Student spotlight: Stevenson’s outgoing nature will be asset at college

Meghan Stevenson. (Rebecca Isenhart/Gazette Reporter)Meghan Stevenson. (Rebecca Isenhart/Gazette Reporter)

BY REBECCA ISENHART
Gazette Reporter

NISKAYUNA — Meghan Stevenson has her face paint, her blue-and-white tutu and her first football tickets, which she snagged even though they sold out in just five minutes.

In short, she’s ready to head off to college at Penn State University.

Stevenson, who graduated June 25 from Niskayuna High School, has always been involved in her class. She was secretary for several consecutive years, helped present the senior class gift at graduation, and won an essay contest sponsored by the DAR in December.

Her plans for celebrating her graduation offer a glimpse into her nature: She opted to forego her own party so she wouldn’t miss any of her friends’ celebrations.

“I thought it would be more fun to go to everybody else’s,” she said.

The friendliness that Stevenson radiates tends to come back to her. For example, Niskayuna High School students who are heading to Penn State or are already studying there have helped to put her mind at ease about leaving her family, with whom she is close.

Rea Mittal and Stephen Davenport, both members of the class of 2015, plus three older Niskayuna alumni, will all be there to support Stevenson. The group even arranges a carpool for the five- to six-hour drive between school and home.

Her friends’ support will help Stevenson when the distance between her and family seems wide. Her sister, Johanna, who will attend Niskayuna High School in the fall, has already started to worry about her big sister’s absence; her college orientation conflicted with a summer camp that the two usually attend together. Her brother, Tommy, who will be a high school junior in the fall, and her parents, Allan and Diane, are also close.

Stevenson often reminds herself that the drive isn’t too long.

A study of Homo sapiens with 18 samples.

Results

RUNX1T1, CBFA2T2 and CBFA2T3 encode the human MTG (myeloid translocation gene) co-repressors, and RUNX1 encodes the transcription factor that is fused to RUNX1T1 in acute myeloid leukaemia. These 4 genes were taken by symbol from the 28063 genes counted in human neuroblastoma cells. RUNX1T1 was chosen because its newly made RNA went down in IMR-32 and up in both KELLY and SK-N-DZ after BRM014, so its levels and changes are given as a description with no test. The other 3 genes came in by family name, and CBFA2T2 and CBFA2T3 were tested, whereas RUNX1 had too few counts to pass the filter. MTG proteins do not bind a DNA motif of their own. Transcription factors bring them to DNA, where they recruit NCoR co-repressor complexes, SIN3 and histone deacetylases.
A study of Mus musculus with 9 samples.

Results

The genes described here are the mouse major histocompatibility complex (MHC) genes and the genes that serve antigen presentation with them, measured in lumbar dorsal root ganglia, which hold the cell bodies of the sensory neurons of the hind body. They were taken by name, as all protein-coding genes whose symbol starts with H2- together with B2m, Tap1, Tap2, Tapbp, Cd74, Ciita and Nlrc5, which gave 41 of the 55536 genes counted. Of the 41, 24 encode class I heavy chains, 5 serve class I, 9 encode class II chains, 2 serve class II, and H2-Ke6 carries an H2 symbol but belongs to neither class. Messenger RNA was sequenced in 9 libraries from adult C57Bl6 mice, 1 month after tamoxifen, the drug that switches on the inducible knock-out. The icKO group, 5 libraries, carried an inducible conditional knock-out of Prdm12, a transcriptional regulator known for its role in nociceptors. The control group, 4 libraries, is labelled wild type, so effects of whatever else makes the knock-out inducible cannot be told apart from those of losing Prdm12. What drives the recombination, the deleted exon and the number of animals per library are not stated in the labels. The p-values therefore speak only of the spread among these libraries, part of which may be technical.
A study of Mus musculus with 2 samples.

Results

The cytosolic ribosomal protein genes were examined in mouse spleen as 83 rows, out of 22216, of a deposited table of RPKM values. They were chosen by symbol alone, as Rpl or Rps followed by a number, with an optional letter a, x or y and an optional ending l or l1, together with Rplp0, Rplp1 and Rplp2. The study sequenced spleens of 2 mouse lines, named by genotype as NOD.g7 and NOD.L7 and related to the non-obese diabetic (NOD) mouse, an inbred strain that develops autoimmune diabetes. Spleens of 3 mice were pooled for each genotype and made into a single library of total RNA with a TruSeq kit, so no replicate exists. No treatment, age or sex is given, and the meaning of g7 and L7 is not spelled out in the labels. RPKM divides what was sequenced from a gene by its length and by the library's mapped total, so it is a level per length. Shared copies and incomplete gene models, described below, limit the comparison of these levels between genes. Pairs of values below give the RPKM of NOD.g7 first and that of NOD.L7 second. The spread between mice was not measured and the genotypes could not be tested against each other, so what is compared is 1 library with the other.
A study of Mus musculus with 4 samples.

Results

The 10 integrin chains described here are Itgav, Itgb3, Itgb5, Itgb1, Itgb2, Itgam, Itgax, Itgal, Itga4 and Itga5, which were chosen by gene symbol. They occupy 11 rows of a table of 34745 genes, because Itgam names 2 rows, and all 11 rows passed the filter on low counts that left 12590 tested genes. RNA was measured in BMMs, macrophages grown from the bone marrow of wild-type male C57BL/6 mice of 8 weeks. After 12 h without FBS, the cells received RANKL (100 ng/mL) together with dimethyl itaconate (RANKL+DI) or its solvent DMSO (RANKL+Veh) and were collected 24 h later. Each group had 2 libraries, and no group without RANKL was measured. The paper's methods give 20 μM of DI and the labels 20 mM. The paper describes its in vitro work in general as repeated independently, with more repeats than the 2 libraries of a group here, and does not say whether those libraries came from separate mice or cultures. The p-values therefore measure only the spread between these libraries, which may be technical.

“It could be farther,” she said, noting that she considered attending Brigham Young University in Utah. The drive from Niskayuna to Provo, where BYU is located, takes about 31 hours, not counting stops and traffic jams.

She didn’t just pick the closer of the two schools to stick by friends and family, though. The deciding factor was more academic. “I chose Penn State because I wanted to get involved in research really early,” Stevenson said.

She attributes her enthusiasm for her new biology major to teacher Patricia Black, with whom Stevenson studied as a freshman and as a junior.

“She made it so fascinating,” Stevenson said.

Even her scientific interests are fueled, in part, by a desire to connect with and improve the lives of others.

“I’ve always liked helping people,” she said. “Knowing what you’re doing in the lab is helping people outside. . . . I like the helping-people aspect.”

Once she’s had her fill of researching, Stevenson hopes to move on to become a licensed physician’s assistant, a goal that will require an additional two to three years of school.

To make room for exciting new opportunities, Stevenson knows she’ll have to give up a thing or two. Music has been an important part of her life in Niskayuna, but at college she’ll scale back. Instead of hours of piano and flute practice, she plans to seek out time to play the piano for fun.

“There’s a piano in each of the commons of the buildings,” she said happily.

Stevenson also said she sings only when she’s alone, but if her cheerful approachability is any indicator, solitude will be a rare occurrence.

About the Author

Rebecca Isenhart
Rebecca Isenhart is the reporter/writer for Your Niskayuna, presented by the Daily Gazette of Schenectady.